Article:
So it happened. The first and last “bright spot” of the Arab Spring is no longer. When speaking of Tunisian democracy, one can now speak in the past tense. I’ve written about this elsewhere, so rather than belaboring obvious points, I want to try to understand the Tunisian case in a broader context, because what happened last week—the promulgation of a constitution enshrining one-man rule—wasn’t just a tragedy for Tunisians. It was a tragedy for tens of millions of Arabs who deserve better, but who are too often dismissed as somehow incapable of self-government. It was also a dark day for the democratic idea, broadly understood.
One might argue that people get the governments they deserve. I find this unconvincing for the simple reason that the success or failure of a coup, once attempted, is contingent. A given coup’s success is not foreordained. In hindsight, it may seem that it was inevitable—where skeptics of Arab democracy can say, ‘see, we told you so’—but it is worth remembering that nothing becomes inevitable until after it happens. This should be obvious enough. No one, to my knowledge, intimated that a coup in Tunisia was inevitable before it actually started almost exactly one year ago, on July 25, 2021.
If we acknowledge this contingency, then it means that Tunisians didn’t deserve this any more than, say, Americans deserved Trump. Hillary Clinton almost won after all, and any number of factors could have tipped the balance in her favor. So, in a sense, Americans simultaneously “deserved” two diametrically opposed presidents, which is to say that no one really deserves one thing, as long as another, very different thing might have happened instead.
It is easy to blame the victim and say that this is what Tunisians wanted. And it’s true! Early on, an apparently quite large majority of Tunisians supported the coup. Before President Kais Saied’s autogolpe, his approval rating was around 38 percent. After he sent tanks to suspend and shutter the democratically-elected parliament, Tunisians rejoiced, setting themselves against the very parliament that they themselves had elected in the previous legislative elections. Saied’s approval rating quickly jumped to over 80 percent. Did these Tunisians know that this would entail the end of democracy? No, many of them apparently deluded themselves into thinking that the democratic transition would continue, just now on firmer ground with a firmer hand. The hand, it turns out, was extremely firm.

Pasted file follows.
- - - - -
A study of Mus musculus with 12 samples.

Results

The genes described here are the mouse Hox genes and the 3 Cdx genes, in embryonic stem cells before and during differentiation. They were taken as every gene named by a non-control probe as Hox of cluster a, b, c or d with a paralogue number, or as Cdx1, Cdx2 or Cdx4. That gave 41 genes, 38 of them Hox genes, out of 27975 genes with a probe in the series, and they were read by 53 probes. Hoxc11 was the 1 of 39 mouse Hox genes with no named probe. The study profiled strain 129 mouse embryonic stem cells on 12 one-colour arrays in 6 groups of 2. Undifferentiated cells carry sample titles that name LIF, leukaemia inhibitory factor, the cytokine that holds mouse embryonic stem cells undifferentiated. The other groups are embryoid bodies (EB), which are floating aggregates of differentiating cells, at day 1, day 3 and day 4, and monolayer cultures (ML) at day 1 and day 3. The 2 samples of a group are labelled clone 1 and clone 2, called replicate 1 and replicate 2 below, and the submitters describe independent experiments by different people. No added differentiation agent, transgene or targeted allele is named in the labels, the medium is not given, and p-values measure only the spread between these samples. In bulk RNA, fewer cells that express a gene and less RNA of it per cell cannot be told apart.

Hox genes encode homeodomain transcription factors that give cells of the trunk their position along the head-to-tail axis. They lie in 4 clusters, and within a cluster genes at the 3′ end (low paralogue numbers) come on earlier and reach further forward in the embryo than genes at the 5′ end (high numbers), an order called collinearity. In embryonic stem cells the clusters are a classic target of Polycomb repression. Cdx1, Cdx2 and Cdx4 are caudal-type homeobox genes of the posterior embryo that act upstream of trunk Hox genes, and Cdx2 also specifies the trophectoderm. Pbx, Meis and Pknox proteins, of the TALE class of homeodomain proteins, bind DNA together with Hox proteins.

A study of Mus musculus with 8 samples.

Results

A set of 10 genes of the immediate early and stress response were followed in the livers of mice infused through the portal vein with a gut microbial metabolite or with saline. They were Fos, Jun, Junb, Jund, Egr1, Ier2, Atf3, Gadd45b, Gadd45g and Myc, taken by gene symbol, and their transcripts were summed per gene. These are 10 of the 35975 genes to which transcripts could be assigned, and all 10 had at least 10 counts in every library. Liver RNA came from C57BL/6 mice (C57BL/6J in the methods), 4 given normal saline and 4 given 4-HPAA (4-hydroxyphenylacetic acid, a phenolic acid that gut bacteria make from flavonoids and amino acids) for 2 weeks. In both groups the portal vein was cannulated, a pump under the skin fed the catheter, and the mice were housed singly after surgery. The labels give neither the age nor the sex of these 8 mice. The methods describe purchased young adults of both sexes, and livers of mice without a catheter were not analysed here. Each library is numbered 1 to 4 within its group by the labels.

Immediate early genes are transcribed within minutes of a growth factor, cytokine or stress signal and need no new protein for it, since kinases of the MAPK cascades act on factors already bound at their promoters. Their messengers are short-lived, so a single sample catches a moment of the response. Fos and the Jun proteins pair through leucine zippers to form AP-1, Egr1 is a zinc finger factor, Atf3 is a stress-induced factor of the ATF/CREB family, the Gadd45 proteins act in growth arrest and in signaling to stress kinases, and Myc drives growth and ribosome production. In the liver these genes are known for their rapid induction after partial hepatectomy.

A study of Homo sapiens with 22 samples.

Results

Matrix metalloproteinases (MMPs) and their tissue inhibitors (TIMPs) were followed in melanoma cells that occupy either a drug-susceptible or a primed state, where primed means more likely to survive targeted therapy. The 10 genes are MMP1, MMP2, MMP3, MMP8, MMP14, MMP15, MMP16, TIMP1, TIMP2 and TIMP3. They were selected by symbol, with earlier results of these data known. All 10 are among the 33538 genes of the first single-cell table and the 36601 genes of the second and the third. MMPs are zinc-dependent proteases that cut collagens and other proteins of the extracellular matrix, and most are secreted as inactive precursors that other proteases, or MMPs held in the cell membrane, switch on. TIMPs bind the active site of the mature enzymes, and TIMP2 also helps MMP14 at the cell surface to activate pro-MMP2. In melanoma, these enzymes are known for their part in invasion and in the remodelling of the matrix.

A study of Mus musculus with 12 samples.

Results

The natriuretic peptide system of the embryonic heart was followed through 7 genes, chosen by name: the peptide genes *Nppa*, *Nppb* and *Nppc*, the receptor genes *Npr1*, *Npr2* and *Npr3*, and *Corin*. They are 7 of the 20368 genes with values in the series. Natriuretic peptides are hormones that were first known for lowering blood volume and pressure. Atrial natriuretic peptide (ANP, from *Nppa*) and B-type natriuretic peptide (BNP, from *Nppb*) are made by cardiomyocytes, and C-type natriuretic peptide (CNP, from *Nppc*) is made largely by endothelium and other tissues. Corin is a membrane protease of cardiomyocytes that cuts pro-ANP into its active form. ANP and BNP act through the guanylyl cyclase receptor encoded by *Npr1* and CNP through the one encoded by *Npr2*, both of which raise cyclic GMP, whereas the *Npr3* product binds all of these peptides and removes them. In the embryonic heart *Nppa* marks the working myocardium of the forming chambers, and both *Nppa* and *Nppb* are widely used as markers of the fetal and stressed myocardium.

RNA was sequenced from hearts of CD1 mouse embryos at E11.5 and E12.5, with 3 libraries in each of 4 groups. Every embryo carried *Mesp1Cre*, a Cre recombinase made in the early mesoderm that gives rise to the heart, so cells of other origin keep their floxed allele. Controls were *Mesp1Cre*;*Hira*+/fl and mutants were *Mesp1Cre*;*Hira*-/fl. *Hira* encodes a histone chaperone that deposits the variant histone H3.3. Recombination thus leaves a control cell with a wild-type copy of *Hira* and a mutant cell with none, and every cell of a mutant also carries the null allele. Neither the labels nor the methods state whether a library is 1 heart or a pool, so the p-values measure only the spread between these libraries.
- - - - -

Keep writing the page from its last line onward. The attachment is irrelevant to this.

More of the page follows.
It is also worth pointing out what should be increasingly obvious at this point: While most human beings say they support democracy in theory, they do not necessarily support democracy in practice. This raises an interesting question. Which version of a particular person should we believe—the part of him that votes for the parliament or the part of him that supports the coup that undoes his own vote for that parliament? It appears that individuals contain multitudes.
The reality is that even in advanced democracies such as our own, it becomes challenging to believe in small-d democracy under conditions of duress. We, as Americans, are currently living under such conditions. By this I mean something quite specific. When electoral outcomes seem personally threatening, because so much (or too much) is at stake, then it becomes easier for one to put aside his or her supposed commitment to democracy. We are seeing a version of this with a Republican Party that, to various degrees, has indicated discomfort with—or outright opposition to—an election outcome in 2020 that was not to its liking. I don’t think Democrats would have been nearly as bad, but I do think that the counterfactual history of a Trump victory in 2020 would have created some degree of political instability, driven by the inability of tens of millions of Democrats to come to terms with the legitimacy of a second-term Trump presidency.
(I made a version of this argument in the lead-up to the election and I have openly said that, knowing what I know now, I wouldn’t have written it, not because I think the central argument was wrong, but rather because everyone has limits when it comes to the degree of opprobrium they’re willing to withstand from the mob. Some things simply aren’t worth it).
I hope to develop this argument further in the future, but, for now, I will put forward part of the argument in the form of a question: Are we willing to say that Tunisians got what they deserved, because not enough of them were willing to fight for democracy? If so, are we willing to say that Americans will have gotten what they deserved if enough of them vote for Donald Trump in 2024? They will have cast their votes knowing full well that they are voting for someone who does not accept the results of elections not to his liking.
It is worth considering the implications of a future that is more likely than we might like to admit. How we will think about ourselves as a people and a nation if a plurality of our countrymen—as expressed through the extremely irritating but legitimate system of the Electoral College—vote, for the first time in American history, for a candidate who is, plainly put, not a democrat? It is perhaps the most basic of propositions for a citizen or candidate to accept, but it can no longer be taken for granted even in the world’s oldest democracy, to say nothing of one of the world’s youngest.